Operations cancelled at Morecambe Bay hospitals as critical incident declared due to Covid-19 and Omicron spread

The trust which runs Morecambe Bay hospitals has declared a critical internal incident as a result of increasing pressures on its services due to Covid.

Trust boss Aaron Cummins said a high level of staff sickness, as well as increasing numbers of patients with Covid and in A&E, has led to the decision being made.


The Royal Lancaster Infirmary.The Royal Lancaster Infirmary.
The Royal Lancaster Infirmary.

The move comes just days after the trust cancelled all visits to its sites due to rising cases of Covid-19.

In a statement, trust chief executive Aaron Cummins said: "We are running at extremely high levels of occupancy and like a number of other hospitals across the country, we are seeing huge rise in demands for our services at the moment.

"Attendances at A&E are rising; there are ongoing challenges in discharging patients who are well enough to leave hospital, and we are seeing an increase in staff sickness - all of which leads to longer waits than we would like for patients to be seen and admitted.


"Unfortunately, this does mean postponing some non-urgent operations and outpatient appointments to accommodate those patients with the most urgent clinical need.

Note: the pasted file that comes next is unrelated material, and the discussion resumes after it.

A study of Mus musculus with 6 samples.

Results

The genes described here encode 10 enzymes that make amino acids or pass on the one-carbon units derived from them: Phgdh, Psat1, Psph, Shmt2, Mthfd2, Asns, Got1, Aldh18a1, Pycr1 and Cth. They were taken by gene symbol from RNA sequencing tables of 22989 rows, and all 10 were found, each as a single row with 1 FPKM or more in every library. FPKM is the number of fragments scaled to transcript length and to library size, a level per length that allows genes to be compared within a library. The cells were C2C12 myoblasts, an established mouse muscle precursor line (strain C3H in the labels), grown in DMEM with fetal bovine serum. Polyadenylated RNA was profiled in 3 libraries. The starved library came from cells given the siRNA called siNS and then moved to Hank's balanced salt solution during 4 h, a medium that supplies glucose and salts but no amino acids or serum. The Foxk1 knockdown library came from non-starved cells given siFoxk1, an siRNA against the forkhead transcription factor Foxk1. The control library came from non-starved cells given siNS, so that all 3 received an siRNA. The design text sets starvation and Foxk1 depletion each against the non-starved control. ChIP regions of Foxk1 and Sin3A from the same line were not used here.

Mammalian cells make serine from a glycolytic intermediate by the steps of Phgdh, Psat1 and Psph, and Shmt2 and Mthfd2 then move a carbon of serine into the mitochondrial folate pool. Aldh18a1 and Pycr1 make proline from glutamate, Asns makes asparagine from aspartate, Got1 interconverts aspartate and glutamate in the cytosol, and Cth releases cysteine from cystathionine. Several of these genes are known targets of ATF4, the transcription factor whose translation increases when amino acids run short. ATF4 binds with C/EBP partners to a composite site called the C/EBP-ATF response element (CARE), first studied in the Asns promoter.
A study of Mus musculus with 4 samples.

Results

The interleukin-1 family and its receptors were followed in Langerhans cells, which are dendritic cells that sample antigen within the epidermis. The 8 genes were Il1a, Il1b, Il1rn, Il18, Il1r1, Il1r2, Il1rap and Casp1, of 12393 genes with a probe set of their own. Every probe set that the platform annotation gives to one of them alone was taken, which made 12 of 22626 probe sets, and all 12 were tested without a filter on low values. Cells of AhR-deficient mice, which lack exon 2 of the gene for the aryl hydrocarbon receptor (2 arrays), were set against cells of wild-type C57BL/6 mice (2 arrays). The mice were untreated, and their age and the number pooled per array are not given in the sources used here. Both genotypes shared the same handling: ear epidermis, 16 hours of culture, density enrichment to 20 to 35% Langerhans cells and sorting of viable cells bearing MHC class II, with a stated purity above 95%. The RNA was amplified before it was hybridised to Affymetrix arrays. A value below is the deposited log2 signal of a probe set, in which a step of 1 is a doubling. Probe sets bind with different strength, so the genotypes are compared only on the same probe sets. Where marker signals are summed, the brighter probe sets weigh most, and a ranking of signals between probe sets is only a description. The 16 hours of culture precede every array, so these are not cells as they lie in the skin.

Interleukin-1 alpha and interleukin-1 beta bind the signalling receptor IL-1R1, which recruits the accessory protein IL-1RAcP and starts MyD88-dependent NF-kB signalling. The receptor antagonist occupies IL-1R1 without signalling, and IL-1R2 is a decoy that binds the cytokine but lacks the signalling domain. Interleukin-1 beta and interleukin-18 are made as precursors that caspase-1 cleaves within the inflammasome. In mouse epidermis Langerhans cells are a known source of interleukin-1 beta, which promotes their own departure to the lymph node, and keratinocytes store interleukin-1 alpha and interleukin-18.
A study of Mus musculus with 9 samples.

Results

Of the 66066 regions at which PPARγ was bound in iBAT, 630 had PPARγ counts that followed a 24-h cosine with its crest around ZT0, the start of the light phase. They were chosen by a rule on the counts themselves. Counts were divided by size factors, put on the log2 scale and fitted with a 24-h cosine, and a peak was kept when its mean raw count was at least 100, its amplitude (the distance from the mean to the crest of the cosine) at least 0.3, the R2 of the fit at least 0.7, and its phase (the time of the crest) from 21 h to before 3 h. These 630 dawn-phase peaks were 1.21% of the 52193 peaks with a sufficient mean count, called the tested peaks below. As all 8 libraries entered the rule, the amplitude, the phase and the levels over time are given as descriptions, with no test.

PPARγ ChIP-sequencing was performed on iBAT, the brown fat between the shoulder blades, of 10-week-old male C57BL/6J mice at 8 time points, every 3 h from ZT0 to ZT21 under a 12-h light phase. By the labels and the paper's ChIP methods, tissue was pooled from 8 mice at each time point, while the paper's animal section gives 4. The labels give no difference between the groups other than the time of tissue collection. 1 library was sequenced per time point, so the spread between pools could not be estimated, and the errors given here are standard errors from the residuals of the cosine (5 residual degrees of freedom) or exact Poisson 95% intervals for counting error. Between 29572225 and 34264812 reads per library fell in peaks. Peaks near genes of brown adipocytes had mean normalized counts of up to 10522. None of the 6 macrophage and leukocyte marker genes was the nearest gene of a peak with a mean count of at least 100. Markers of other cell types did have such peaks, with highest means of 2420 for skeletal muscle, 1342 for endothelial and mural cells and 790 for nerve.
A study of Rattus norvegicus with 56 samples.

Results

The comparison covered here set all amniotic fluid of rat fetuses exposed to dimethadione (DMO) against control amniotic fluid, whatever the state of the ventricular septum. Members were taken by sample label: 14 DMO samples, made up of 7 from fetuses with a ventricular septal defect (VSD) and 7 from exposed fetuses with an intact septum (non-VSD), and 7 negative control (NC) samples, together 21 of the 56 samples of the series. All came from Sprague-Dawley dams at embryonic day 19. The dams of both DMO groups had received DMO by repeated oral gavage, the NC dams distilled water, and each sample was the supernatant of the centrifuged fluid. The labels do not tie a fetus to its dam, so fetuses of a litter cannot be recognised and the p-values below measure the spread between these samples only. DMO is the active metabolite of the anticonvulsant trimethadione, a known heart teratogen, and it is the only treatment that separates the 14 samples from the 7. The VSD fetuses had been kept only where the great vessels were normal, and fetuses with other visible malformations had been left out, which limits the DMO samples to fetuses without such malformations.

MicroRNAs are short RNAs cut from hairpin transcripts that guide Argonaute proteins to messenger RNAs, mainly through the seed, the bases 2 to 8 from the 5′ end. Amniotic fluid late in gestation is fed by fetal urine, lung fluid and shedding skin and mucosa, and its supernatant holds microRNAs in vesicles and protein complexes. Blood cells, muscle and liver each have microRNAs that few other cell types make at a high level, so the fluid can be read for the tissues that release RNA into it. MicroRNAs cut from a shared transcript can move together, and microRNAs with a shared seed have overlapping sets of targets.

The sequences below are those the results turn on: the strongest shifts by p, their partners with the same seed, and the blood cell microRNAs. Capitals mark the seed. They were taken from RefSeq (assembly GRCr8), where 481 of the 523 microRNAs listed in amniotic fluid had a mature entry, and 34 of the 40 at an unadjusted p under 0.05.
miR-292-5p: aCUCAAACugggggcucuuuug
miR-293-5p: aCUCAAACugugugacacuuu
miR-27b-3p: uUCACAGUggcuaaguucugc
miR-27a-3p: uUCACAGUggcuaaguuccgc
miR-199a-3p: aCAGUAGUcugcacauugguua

"Cancer and our other most urgent operations and appointments will continue to be prioritised and those patients whose appointments are being postponed are in the process of being contacted directly by our teams.

"If you are not contacted directly, please continue to turn up for your appointment. Please also contact the number on your appointment letter if you are no longer able to make your appointment so it can be reallocated to another patient.


"However, patient safety must take priority and we need to take action to make sure that those who are more clinically urgent get the help they need as quickly as possible.

"Our teams continue to work exceptionally hard; and we would like to reassure our patients and the public that in spite of the challenges faced and some changes to non-urgent appointments, essential services remain fully open for anyone who needs them so if you require urgent medical help, please continue to come forward.

"The public can help us manage these periods of demand by ensuring they are seeking help from the most appropriate health services, and only attending A&E for serious accidents and emergencies.


On Twitter, Lancashire's director of public health Dr Sakthi Karunanithi said: "This is to be expected given high number of cases. I know the team at UHMBT will do all they can in keeping us going. We all have a role to play."